As mobile APIs become more full-featured and rich, they become more dependent on data, key stores and connectivity profiles that can result in new vectors of attack. This drives the need for better security and best practices to patch up those vulnerabilities. 

Gartner expects that API abuse will be the number one attack vector for data breaches by 2020 in their research and Now Secure said in a post that a whopping 85% of mobile applications fail to secure at least one of OWASP’s Mobile Top 10 criteria. 


“Proper security is always a layered approach. There’s no silver bullet to block all of the threats, and you have to release apps into the public market,” Tovar said, adding that there are four key practices to help block the biggest vulnerabilities of mobile APIs.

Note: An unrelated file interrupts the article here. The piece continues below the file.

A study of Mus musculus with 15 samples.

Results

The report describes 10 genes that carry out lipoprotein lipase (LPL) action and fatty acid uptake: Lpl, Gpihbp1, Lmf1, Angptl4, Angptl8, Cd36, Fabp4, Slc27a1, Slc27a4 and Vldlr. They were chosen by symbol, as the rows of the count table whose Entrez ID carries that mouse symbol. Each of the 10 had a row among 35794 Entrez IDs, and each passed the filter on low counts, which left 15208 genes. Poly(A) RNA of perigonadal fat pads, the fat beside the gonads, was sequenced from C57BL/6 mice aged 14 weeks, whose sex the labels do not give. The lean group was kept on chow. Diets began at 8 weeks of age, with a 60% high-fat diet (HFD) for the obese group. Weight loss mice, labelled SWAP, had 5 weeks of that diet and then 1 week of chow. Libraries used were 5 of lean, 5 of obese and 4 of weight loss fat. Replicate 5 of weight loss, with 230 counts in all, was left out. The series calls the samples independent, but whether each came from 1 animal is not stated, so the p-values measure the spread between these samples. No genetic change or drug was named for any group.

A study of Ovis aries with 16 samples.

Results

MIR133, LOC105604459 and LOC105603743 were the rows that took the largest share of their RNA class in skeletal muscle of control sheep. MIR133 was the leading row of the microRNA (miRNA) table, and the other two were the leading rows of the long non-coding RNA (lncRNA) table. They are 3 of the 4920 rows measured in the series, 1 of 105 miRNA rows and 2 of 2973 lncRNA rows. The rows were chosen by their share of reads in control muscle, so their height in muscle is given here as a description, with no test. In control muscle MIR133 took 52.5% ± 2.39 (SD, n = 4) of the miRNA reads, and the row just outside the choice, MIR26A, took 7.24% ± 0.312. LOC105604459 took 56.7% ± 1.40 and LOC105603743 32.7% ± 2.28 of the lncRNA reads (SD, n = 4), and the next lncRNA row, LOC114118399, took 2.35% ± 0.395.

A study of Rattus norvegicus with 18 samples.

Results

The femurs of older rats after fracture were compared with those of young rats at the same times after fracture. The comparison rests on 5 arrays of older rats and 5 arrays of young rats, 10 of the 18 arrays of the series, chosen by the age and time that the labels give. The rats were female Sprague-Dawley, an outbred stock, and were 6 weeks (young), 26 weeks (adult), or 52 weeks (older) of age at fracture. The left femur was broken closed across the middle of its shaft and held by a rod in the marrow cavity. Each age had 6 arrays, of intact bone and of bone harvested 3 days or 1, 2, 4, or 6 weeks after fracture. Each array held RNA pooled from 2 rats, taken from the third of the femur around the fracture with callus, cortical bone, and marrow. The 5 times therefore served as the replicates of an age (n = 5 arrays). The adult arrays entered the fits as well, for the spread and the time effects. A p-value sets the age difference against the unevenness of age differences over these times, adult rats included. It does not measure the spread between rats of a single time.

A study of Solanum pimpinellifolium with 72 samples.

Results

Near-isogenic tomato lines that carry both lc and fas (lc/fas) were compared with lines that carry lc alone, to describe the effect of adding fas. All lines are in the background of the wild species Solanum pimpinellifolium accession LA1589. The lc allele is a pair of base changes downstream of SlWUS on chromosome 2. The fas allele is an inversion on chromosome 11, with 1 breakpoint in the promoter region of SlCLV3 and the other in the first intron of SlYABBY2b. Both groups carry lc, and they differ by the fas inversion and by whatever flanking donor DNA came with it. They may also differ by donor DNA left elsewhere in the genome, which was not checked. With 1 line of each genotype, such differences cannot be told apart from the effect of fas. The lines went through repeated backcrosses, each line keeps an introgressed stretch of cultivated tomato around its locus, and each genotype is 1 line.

The four key tasks include:

  1. Protecting the connection: cybercriminals can spoof a connection or intercept communications, they can perpetrate a devastating man-in-the-middle attack.
  2.  Include jailbreak and root protection:  Jailbreaking gives cybercriminals complete control over the app. APIs must have protection to prevent being abused in this way.
  3. Secure authentication and access: Many apps don’t use APIs that require secure authentication, giving anyone access to sensitive data.
  4. Encrypting the data: Data used by APIs must be encrypted to protect against interception and manipulation.

Tovar added that there is a great demand for security engineers, and the current pace of app development is introducing new no-code tools to secure those applications. 

“Mobile app security is a highly specialized skill. There are really amazing, knowledgeable security engineers out there in the world. But there’s not enough of them and if you’re a mobile developer, you might have 2k developers building the app, and 2 people to securing it,” Tovar said. “We want to solve this human problem with technology to code these four layers of security into an app without relying on humans writing code.